As soon as the closing credits for Jack the Giant Slayer began to roll, I knew I was in dangerous territory. Once again, I was about to enter the "lighten up" zone.
Every one of my film-critic colleagues has been there. It's that place where they're about to crap all over big-budget escapist fare, and they know the ensuing comments are going to play the "You snooty critics don't know how to appreciate fun" card. Phrases littered with "it's just" will be bandied about: "It's just a comic-book movie." "It's just entertainment." And then the kicker: "Lighten up."
Indeed, Jack seems fabricated specifically to engender such sentiments, so resolutely does it avoid anything that inspires a moment's afterthought. It starts by making itself a fairy tale about a fairy tale: In a long-ago land, young farm boy Jack and the princess Isabelle both hear from their respective parents the already-legendary story about monks using magic beans to try to reach heaven, and how a magic crown tamed the man-eating giants from a kingdom above the clouds.
Ten years later, Jack (Nicholas Hoult) has made the familiar exchange of the family horse for some of those beans, and a chance encounter with Isabelle (Eleanor Tomlinson) sets him on an adventure up a giant beanstalk to rescue the princess, and perhaps try to save the kingdom.
There's plenty more table-setting required before we get to the good stuff. Because we're people of an enlightened age, Isabelle needs to be a spunky adventure-seeker, although as the plot plays out she's really more theoretically strong and independent-minded than someone actually demonstrating intellect or resourcefulness.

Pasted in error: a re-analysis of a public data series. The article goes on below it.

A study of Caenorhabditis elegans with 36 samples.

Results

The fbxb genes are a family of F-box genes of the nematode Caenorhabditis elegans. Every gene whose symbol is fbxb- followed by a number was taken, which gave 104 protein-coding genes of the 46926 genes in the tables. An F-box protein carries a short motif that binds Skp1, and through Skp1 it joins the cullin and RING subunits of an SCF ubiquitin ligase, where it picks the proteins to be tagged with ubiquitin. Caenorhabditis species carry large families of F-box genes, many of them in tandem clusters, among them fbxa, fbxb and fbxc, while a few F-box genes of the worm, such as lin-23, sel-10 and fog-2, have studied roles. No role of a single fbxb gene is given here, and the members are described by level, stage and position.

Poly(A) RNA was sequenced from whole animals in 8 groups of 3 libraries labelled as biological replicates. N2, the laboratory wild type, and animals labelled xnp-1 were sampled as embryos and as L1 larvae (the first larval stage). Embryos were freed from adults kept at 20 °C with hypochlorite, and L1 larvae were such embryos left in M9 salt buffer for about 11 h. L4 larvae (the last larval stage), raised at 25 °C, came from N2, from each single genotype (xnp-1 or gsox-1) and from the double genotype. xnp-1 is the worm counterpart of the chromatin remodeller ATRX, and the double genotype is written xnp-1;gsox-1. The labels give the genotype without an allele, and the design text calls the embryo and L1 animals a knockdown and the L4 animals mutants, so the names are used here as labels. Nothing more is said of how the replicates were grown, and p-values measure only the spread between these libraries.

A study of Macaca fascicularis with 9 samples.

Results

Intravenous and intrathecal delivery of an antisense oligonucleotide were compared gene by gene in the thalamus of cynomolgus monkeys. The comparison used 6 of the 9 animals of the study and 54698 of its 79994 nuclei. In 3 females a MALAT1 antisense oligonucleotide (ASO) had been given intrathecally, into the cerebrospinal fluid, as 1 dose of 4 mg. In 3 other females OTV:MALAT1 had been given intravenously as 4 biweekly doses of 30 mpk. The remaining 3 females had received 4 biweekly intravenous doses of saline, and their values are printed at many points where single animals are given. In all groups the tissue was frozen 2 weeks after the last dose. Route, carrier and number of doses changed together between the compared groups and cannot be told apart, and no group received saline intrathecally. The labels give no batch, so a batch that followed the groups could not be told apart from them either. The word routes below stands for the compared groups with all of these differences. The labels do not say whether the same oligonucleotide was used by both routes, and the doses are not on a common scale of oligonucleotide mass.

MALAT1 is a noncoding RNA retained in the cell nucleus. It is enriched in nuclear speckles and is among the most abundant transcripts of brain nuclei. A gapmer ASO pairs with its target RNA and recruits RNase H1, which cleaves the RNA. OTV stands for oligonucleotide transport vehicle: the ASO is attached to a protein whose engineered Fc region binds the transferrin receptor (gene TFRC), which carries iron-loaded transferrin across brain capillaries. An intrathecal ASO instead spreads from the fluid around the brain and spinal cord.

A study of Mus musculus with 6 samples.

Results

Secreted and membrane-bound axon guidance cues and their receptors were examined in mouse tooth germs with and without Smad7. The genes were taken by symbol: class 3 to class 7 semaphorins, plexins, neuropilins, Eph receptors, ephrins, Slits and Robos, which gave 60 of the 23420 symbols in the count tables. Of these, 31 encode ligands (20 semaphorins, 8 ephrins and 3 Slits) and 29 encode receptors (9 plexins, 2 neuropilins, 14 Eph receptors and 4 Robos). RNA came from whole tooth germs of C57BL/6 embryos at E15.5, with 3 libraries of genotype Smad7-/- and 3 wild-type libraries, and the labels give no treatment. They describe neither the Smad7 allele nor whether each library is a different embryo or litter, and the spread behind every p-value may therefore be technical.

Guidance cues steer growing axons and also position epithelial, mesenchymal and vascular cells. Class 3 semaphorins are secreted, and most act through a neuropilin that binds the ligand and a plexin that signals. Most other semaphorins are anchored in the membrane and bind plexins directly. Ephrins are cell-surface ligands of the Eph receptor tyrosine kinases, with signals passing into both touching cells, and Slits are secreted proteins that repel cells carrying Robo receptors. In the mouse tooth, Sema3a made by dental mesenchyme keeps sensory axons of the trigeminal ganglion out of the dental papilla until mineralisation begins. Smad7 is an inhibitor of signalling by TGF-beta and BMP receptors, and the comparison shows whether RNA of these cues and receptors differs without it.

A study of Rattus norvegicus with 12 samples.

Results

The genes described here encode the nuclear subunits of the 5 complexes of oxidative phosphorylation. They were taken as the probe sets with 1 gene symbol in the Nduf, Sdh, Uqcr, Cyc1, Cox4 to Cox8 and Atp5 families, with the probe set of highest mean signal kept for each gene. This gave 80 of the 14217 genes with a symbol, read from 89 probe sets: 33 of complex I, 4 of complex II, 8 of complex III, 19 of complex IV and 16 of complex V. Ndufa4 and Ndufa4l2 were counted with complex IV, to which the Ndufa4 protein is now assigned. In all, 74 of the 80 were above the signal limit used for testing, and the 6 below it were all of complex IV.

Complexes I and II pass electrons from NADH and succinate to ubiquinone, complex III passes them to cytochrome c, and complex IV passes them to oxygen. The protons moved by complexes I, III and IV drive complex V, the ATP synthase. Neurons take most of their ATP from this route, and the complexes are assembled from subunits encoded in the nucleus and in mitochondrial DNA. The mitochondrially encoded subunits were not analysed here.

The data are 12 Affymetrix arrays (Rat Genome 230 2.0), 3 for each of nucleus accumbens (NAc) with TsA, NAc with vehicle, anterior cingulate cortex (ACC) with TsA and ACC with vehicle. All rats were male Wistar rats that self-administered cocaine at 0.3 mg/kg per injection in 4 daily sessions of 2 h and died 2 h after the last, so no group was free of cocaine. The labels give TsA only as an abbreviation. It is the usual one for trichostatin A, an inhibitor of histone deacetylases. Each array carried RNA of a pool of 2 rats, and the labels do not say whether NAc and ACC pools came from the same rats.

Stanley Tucci plays the nobleman Roderick, Isabelle's intended husband and our villain, who plans to use the crown and beans to rally an army of giants for world conquest, all while being unburdened by anything resembling motivation. And Ian McShane (as the king) and Ewan McGregor (as Elmont, the head of the king's guards) try to wring some personality between the large chunks of time when they aren't given anything interesting to do.
You'd like to think it'll all be worth the wait once we get to the giants' land of Gantua, which resembles leftover concept drawings for Pandora bought at a James Cameron garage sale. But director Bryan Singer (X-Men) and his team spend virtually no time on world-building, providing little sense for why the giants are bitter about being denied access to the human world simply because it contains their favorite snack.
The design of the creatures themselves is appropriately grotesque, and Bill Nighy does solid voice work as the two-headed leader of the giants. Yet it's hard to become fully engrossed in this strange world when the most interesting thing the giants do is fart, scratch their armpits and eat their own boogers. These are human-eating, 30-foot-tall beasts, and they're boring.
That's at the center of what's so aggravating about Jack the Giant Slayer: It's so colossally lazy. Singer can direct a decent action set piece, but his climactic battle between giants and humans feels like warmed-over Helm's Deep from The Two Towers. The cast is full of actors who can be appealing and lively, but they're all wasted.
Hollywood has spent a lot of time lately scrounging up public-domain properties like Snow White to turn into features, because latching on to a familiar marketing premise is half the work. Here, it feels as though that was all the work anyone was willing to do. Nothing about the experience should make a viewer feel "lightened up," except maybe in the wallet.
The striking colors and textures are reminiscent of Southern Colorado and New Mexico. Lovely work.